Have you ever heard of or been diagnosed with TMD (temporomandibular disorder)? If so, you know that it causes jaw pain that is sometimes severe and very much interferes with daily life. TMD can…
- Give you “trouble chewing or a sudden uncomfortable bite — as if the upper and lower teeth are not fitting together properly.”
- Affect both sides of your face, or just one.
- Cause the face to swell up.
- Not only cause pain in the jaw, but also in the muscles of the ears, neck, and shoulders.
- Cause dizziness, trouble hearing, ringing in the ears, and aching sensations in the teeth, neck, and head.
- Lock your jaw in one position (either open or closed).
- Cause a “clicking, popping, or grating sound in the jaw joint when you open or close your mouth or chew. This may or may not be painful.”
Do you recognize these symptoms in yourself? If so, you may have TMD. See a physician or physiotherapist as soon as possible for an evaluation.
What Causes TMD? How Is It Treated?
As is the case with many disorders, medical professionals aren’t always sure what causes TMD. What they do know is that “the temporomandibular joint (TMJ) combines a hinge action with sliding motions. The parts of the bones that interact in the joint are covered with cartilage and are separated by a small shock-absorbing disk, which normally keeps the movement smooth. Painful TMJ disorders can occur if the disk erodes or moves out of its proper alignment, the joint’s cartilage is damaged by arthritis, or the joint is damaged by a blow or other impact,” writes Mayo Clinic staff. Other causes of TMD include high levels of stress, bad posture, arthritis, and teeth grinding.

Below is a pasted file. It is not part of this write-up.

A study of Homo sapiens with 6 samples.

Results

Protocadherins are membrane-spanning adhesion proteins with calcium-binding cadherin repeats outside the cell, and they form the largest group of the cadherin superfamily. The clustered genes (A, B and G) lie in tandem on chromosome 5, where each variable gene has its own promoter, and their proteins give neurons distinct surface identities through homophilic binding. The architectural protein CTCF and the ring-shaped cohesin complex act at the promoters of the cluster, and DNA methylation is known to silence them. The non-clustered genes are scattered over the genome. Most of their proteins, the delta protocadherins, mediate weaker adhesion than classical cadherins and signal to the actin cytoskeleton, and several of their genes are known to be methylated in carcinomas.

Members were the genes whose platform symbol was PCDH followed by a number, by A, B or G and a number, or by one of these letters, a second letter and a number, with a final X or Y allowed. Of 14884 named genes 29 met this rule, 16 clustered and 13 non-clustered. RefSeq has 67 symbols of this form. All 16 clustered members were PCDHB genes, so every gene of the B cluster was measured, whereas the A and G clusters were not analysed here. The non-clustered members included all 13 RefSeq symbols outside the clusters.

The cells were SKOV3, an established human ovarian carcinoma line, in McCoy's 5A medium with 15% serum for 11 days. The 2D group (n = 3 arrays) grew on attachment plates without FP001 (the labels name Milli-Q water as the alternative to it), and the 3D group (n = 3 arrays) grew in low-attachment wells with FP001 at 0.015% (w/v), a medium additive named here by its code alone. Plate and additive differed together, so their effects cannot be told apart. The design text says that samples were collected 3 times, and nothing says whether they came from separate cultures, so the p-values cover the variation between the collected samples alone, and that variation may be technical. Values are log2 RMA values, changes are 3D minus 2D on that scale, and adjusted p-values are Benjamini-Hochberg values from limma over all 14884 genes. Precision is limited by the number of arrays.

While the cause of TMD may be unclear, the condition is treatable. Treatments include medications, counseling, mouth guards, surgery, acupuncture, biofeedback, and physiotherapy. Physiotherapy in particular can be a great treatment option for those trying to control the symptoms of temporomandibular joint disorder.
Is Physiotherapy an Effective Treatment for TMD (Jaw Pain)?
Physiotherapy is used to treat an array of health problems, TMD included. Many TMD patients opt to try medications or invasive remedies like surgery first, and there is nothing wrong with this. However, physiotherapy is an effective, drug-free, non-invasive treatment for temporomandibular joint disorder, and many people see excellent results and a reduction of pain and other symptoms with it. Physiotherapist Kevin Brown wrote, “(Physiotherapists) are frequently involved in the management of TMD, often in collaboration with dental professionals. A wide variety of PT techniques including specific joint movement and manual therapy to the jaw and neck, postural exercises to increase strength around the shoulder blade region, soft tissue massage, electrotherapy, biofeedback, relaxation techniques, and flexibility exercises for the jaw and neck can be effective in the management of this disorder.”
If you have been diagnosed with TMD but have not yet spoken with a physiotherapist, make it a point to reach out to a physiotherapy clinic near you.